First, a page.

U.S. consumer credit falls again, sending the global economy a message
Balances on U.S. consumer credit cards in August fell at a 5.8 percent annual rate, or by $11.98 billion, the U.S. Federal Reserve announced Wednesday. It was the seventh consecutive monthly decline in consumer credit -- a pattern that's consistent with both the frugal-consumer trend in the U.S. and banks' decisions to lower, or in some cases eliminate, credit lines in the wake of the financial crisis.
Economists surveyed by Bloomberg News had expected August card use to contract by $8.5 billion. Revised figures for July showed consumer credit plunged a bit less, by $19 billion, than the originally reported $21.6 billion. In August, total outstanding consumer credit, including revolving and nonrevolving credit, declined at a 5.8% annual rate, or by $11.98 billion, to a seasonally adjusted $2.46 trillion, the Fed said.
The month's revolving credit, which includes most credit cards, declined by $9.91 billion, or by 13.1% annually, to $899.4 billion. Nonrevolving credit, which includes auto loans and personal loans, decreased $2.1 billion, or by 1.6 percent, to $1.56 trillion.
Investors should follow the Fed's monthly consumer credit report because it provides perhaps the most comprehensive view of consumer credit -- which in recent decades has represented the primary payment form for consumer transactions, particularly big-ticket items. Further, since the start of the financial crisis, the report has taken on increased importance because it provides clues about how the Fed's effort to normalize credit extension is faring after the banks got so skittish about lending.
Also, while paying down consumer debt -- particularly excessive debt -- is a good thing, the very fact of Americans getting their budgets in order will present another hurdle for the U.S. economic recovery.
That's because in addition to cutting debt, the U.S. economy needs at least selected consumers to spend in order to stimulate the economy. But simultaneously saving more while buying at a robust rate is a dilemma. There's scant economic theory to suggest a nation can successfully pull that trick off. If PIMCO Global Strategic Advisor Richard Clarida's analysis is correct, the "new normal" is a U.S. GDP growth rate in the recovery stage of about 2 percent -- far below the 5 percent to 7 percent rate the U.S. typically registers early in a recovery.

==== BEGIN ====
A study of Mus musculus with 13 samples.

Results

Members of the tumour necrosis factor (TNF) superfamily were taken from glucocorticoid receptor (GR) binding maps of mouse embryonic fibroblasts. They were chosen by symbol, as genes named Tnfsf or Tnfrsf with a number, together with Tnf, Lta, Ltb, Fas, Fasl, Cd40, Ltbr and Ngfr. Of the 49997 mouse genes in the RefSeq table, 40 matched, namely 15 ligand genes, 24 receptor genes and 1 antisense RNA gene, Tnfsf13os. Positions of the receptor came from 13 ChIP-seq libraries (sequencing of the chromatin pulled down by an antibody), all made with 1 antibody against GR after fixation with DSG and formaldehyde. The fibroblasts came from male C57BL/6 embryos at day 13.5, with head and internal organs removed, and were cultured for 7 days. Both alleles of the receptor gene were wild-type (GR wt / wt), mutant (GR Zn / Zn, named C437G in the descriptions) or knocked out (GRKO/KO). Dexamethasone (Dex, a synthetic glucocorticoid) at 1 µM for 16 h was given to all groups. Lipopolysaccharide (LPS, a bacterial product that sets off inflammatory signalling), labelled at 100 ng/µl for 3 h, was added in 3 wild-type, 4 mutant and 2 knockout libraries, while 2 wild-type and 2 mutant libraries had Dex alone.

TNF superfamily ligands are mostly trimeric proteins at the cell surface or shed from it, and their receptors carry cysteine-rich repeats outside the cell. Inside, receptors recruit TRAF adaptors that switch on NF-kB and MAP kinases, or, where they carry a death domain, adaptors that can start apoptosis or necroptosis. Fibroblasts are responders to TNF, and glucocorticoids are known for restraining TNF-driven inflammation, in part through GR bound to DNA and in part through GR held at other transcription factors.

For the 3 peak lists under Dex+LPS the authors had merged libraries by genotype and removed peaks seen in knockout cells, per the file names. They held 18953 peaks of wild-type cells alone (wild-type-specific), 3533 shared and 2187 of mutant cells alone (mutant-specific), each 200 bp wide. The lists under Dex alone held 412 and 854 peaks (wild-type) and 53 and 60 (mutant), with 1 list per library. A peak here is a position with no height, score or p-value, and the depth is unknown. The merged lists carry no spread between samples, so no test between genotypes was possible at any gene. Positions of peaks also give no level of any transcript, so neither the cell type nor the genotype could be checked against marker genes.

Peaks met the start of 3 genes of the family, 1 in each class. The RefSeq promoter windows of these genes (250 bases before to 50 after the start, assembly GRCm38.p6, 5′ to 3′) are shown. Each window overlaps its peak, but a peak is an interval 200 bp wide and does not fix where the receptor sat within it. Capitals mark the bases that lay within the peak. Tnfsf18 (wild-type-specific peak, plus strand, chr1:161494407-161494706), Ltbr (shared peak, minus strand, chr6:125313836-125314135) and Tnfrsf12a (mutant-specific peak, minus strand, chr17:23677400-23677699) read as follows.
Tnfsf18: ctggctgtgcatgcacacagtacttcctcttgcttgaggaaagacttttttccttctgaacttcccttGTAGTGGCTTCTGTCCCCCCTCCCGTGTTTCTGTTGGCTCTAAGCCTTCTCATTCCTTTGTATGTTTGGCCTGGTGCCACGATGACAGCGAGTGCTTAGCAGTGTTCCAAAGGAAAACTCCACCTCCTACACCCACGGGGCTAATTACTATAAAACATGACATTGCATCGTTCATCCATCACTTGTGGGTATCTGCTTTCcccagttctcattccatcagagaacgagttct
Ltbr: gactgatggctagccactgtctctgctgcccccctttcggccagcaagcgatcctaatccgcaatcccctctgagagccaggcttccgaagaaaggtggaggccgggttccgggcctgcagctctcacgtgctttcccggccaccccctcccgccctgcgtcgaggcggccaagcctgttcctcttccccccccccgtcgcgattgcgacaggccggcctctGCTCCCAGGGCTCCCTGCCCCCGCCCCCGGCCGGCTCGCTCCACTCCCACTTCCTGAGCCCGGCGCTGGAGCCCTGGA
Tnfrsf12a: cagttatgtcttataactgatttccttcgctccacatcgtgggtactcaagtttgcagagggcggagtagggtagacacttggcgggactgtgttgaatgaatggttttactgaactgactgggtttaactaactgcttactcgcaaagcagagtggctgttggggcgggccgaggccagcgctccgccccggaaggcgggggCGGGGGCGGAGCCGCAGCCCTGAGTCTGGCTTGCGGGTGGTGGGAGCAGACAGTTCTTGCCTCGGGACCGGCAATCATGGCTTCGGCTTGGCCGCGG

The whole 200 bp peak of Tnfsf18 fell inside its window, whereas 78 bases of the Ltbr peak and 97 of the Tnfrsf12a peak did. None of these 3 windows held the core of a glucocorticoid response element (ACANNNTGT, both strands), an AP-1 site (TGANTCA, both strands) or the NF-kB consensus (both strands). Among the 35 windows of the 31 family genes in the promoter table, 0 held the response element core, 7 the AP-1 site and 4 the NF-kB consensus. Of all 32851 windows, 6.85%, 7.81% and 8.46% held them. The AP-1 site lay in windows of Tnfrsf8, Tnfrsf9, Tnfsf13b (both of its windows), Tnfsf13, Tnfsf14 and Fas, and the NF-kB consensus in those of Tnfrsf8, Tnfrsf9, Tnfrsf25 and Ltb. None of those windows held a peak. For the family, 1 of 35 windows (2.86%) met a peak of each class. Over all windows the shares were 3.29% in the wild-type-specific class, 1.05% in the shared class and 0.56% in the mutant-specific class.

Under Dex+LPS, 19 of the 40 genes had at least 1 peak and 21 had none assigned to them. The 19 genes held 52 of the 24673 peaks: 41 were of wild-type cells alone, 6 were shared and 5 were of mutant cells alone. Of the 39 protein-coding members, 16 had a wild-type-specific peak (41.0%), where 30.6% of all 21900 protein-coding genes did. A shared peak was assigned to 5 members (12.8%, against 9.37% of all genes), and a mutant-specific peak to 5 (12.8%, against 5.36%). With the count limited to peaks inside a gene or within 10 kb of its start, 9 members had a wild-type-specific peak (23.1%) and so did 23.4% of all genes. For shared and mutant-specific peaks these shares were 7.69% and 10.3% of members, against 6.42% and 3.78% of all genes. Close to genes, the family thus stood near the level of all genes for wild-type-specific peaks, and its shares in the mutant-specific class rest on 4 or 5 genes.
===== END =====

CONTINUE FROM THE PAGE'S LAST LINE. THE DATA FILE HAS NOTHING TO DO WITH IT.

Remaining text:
Economic Analysis: Without question, Americans remain in belt-tightening mode, something you'd expect during a recession, but this cycle's pronounced slump, with its large job losses and accompanying financial crisis, has taken economizing to levels not seen in decades. While Americans are bringing their debt down to more serviceable levels, they're also concerned about the U.S. economy's health -- a view that, historically, means delayed consumer purchases.
Further, as PIMCO's Clarida has outlined, if these trends continue, the impact is obvious enough: The U.S. recovery won't follow a typical, historical GDP growth pattern.
In addition, the frugal-consumer era affects the global economy, as well. The world can't count on the U.S. recovery to create sufficient demand internationally. The seven-month reduction in consumer credit sends a strong signal to the rest of the world that they'll need to generate demand to fill the gap in the U.S. Simply, the days of "make the best, and ship it to the West," are long over. For the global economy to grow at an adequate rate, middle-class and working class citizens in China, India, Japan, Brazil/Latin America, Russia/Eastern Europe and Western Europe must consume more.